Steve Young s Birdwatch logbook

 birding world

 On hearing news of an unusual wagtail sighting, Steve Young heads to his local reserve in the hope of a glimpse of the elusive bird, but instead, he makes a very rare discovery

There are times in the birding world when coincidence plays a strange part in the realm of identification; when one looked-for bird appears to turn into another, or when simply talking about a bird seemingly leads to it appearing. Such a sequence of strange events took place at my nearby patch at Seaforth Nature Reserve last August, and became known, to me and a group of local birders, as Tale of Two Wagtails’.

Britain has three common species of wagtail: pied, grey and yellow. The very rare citrine is an occasional visitor, sometimes appearing in spring but also in autumn. Juvenile citrine wagtails are quite difficult to tell apart from juveniles of pied, but the call is very different and there are obvious distinctions if the bird is seen well.

The tale began when one of the regular Seaforth birders discovered an odd-looking wagtail; it didnreally fit the identification criteria of pied but didnlook right for citrine either. Before a claim of a rarity, such as citrine, is made, everything really has to fit; to put out news and then to find out later that the supposed bird isnwhat it should have been is considered to be a bit of a birding world disaster!

The bird was still present the following day and was seen by another local, but I failed to see it on my visit there. So, the next day I set out early with a small group of like-minded souls, and we made a concerted effort to find the bird. A long walk around the entire reserve ensued as we searched every area it had been or could possibly be seen in, but still no luck; we only came across a few yellow and pied wagtails.

We regrouped and basically stood around moaning, but one birder walked away and checked a small area of marshy grass. There was sudden shout and then a ’call from a small bird that had landed about 20 yards away from me; I picked up my binoculars and saw a bird with large white wing bars, nice ear covert surround and lacking any brown tones —a pristine juvenile citrine wagtail! No sign of that odd wagtail in all that searching, but this was the real deal. Before I could swing my lens around from my shoulder it called again and flew away to the area where we had all been looking for it.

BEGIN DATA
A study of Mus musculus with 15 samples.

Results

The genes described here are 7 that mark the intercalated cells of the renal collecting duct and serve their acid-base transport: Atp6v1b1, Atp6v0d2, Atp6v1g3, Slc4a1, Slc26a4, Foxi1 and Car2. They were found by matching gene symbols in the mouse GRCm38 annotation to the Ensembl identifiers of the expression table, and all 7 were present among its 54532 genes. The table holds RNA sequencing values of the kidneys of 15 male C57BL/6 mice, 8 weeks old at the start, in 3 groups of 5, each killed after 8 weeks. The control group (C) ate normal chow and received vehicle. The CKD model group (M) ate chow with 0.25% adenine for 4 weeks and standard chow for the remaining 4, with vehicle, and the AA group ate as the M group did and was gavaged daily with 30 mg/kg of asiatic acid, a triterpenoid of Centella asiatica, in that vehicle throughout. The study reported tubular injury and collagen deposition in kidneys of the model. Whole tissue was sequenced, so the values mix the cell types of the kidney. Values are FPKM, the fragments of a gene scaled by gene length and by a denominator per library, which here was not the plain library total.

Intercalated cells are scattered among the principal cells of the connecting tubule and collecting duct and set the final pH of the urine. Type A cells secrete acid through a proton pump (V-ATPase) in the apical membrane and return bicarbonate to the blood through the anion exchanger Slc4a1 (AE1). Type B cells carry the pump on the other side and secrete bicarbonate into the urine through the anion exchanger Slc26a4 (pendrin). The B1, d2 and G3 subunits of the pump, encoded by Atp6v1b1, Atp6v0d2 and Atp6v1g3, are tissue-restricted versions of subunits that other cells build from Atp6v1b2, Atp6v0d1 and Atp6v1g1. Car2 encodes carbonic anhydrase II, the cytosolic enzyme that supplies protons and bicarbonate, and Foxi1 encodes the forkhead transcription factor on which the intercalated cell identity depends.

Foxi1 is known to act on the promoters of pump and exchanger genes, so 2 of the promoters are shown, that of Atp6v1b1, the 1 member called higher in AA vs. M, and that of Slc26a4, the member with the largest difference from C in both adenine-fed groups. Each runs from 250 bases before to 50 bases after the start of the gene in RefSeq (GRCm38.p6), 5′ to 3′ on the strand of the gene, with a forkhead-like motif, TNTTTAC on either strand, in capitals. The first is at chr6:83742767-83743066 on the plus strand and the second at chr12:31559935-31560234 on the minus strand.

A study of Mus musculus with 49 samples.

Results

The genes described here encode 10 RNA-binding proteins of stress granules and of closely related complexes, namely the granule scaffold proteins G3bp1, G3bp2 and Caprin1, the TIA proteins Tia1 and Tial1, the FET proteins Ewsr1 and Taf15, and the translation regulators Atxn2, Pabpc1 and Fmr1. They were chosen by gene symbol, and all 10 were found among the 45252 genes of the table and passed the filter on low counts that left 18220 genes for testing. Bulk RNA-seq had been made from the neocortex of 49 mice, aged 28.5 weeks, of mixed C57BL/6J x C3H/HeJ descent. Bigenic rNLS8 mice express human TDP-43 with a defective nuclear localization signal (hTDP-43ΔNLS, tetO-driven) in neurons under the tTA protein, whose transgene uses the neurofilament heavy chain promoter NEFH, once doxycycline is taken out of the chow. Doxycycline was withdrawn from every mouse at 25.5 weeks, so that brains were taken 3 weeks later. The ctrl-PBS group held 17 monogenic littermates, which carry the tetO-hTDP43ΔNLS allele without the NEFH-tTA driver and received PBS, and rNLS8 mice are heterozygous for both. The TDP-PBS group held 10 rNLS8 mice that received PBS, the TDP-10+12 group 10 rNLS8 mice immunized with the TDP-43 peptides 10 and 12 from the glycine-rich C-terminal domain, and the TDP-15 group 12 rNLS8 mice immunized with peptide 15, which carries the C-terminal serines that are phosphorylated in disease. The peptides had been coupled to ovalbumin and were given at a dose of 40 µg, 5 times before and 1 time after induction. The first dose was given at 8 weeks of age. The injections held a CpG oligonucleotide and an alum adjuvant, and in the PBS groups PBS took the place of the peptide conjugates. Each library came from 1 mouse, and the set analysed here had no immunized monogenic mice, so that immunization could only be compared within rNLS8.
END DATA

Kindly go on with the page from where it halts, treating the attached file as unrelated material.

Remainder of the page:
It then flew away over the main pool, again calling loudly, so I walked around to the hide on the other side in the vain hope that it would walk along the rocks in front of the hide, as a few of the pied wagtails sometimes did. As I expected, there was nothing apart from those few pied wagtails in front of the hide, but just outside it were a couple of yellow wagtails feeding on a smaller pool.

Again, they were into the sun, but I took a couple of photos anyway. Then, for some reason best known to itself, but for which I was extremely grateful, the citrine wagtail decide to fly in and land on the same pool. It was just a matter of waiting for it to walk the entire circuit of : the pool before it came reasonably close to the viewing area for me to photograph it. Even using my 500mm lens with a 1.4x converter, the bird was still quite small in the frame, plus I was also shooting into the sun. It was, however, the best chance I was going to get.

Eventually, the bird moved away from the hide and to the very far side of the pool and I didnsee it again, but I had the shots I was after and it had turned into a very good day. And as for that odd-looking bird that started all the fuss? It was never seen again, but wealways be grateful to it and the original spotter for setting the wheels in motion for a strange turn of events.